This Industry Outlook is a portion of the 2019-2020 Arizona CFO Spotlight Survey Report

2019-2020 Arizona CFO Spotlight Survey logo

Technology companies experienced slower growth in 2018, which was expected due to some local merger activity and a focus on research and development (R&D) to get new products ready for the market. Leaders are cautiously optimistic with expectations of 10-20 percent growth in a crowded and competitive environment. Technology companies made modest price increases last year and raised wages for key employees, but they are reining in spending after large investments in R&D. The atmosphere is one of continuing innovation, leaders say, because product shelf life is much shorter.

Leaders say that growth areas are in cyber and data security (including managed services) as well as SaaS (Software as a Service) rather than in actual software. Cloud and subscription-based services are taking the lead as well as Internet of Things, data collection and connectivity innovations. Recently, stratospheric technology company, World View named a new CEO to lead continued innovations in unmanned flight systems and aerial remote sensing.

Tech Launch Arizona prompted 16 start-up companies over the past five years.

High-tech leaders are seeking efficiencies of scale to deal with labor shortages and more remote workers. Leaders admitted that their in-person cheerleading events with employees–some of whom work in other states and countries–are transitioning to virtual communications in order to reduce costs. Office space is also shrinking due to remote worker trends and more virtual collaboration.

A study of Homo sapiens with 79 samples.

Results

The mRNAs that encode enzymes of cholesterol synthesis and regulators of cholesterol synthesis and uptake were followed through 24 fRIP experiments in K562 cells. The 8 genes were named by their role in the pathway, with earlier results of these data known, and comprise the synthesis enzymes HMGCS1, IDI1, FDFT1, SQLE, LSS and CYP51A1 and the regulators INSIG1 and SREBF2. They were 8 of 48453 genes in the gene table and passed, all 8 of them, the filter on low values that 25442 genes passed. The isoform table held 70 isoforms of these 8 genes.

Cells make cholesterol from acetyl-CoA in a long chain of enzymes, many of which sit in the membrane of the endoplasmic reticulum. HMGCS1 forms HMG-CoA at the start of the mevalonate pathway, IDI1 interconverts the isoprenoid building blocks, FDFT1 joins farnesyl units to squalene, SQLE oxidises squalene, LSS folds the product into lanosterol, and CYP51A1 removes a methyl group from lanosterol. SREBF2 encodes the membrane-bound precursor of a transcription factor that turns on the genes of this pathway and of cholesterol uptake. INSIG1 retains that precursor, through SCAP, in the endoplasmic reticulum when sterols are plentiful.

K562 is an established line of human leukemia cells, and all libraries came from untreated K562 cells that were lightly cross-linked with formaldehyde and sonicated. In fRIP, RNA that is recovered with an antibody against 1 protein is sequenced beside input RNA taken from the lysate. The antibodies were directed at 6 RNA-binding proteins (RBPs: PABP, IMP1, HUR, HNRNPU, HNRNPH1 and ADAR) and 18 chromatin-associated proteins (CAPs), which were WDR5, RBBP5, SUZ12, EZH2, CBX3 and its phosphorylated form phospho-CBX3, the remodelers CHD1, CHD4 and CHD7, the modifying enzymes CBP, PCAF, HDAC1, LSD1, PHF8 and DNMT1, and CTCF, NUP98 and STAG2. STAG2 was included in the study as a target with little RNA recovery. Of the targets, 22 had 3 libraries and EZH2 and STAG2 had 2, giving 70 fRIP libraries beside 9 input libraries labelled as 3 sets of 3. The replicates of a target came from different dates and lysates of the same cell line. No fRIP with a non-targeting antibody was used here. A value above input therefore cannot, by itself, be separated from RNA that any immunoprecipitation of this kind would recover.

As competition increases, leaders expect to see fewer public contracts and even tighter budgets. For example, in 2017 it was reported that the City of Phoenix wanted to purchase a new Pavement Management Van. The previous van was already 10 years old. The new van is a significant purchase, equipped with updated technology to detect the condition of roadways and help the transportation department prioritize their infrastructure improvements. The van is already scheduled to survey more than 5,000 miles of roadway over the next two years.

“We’ve put a lot of time and energy into our recent merger and into R&D, and getting the products we sell to be very marketable. We are optimistic on that side, but we have learned from the past to be more cautiously optimistic.”

High-Tech Controller, Tempe, 2019

However, investor appetites for technology are still high. Results from the University of Arizona’s Tech Launch Arizona over the past five years recorded 275 invention disclosures from faculty, researchers and staff campus-wide, 112 executed licenses and options, and 16 startups–all record-breaking numbers. The majority of TLA’s work is licensing inventions to existing companies, according to a spokesperson. Arizona’s academic history in sciences likely provides a solid foundation for continued high-tech innovation among existing and new companies.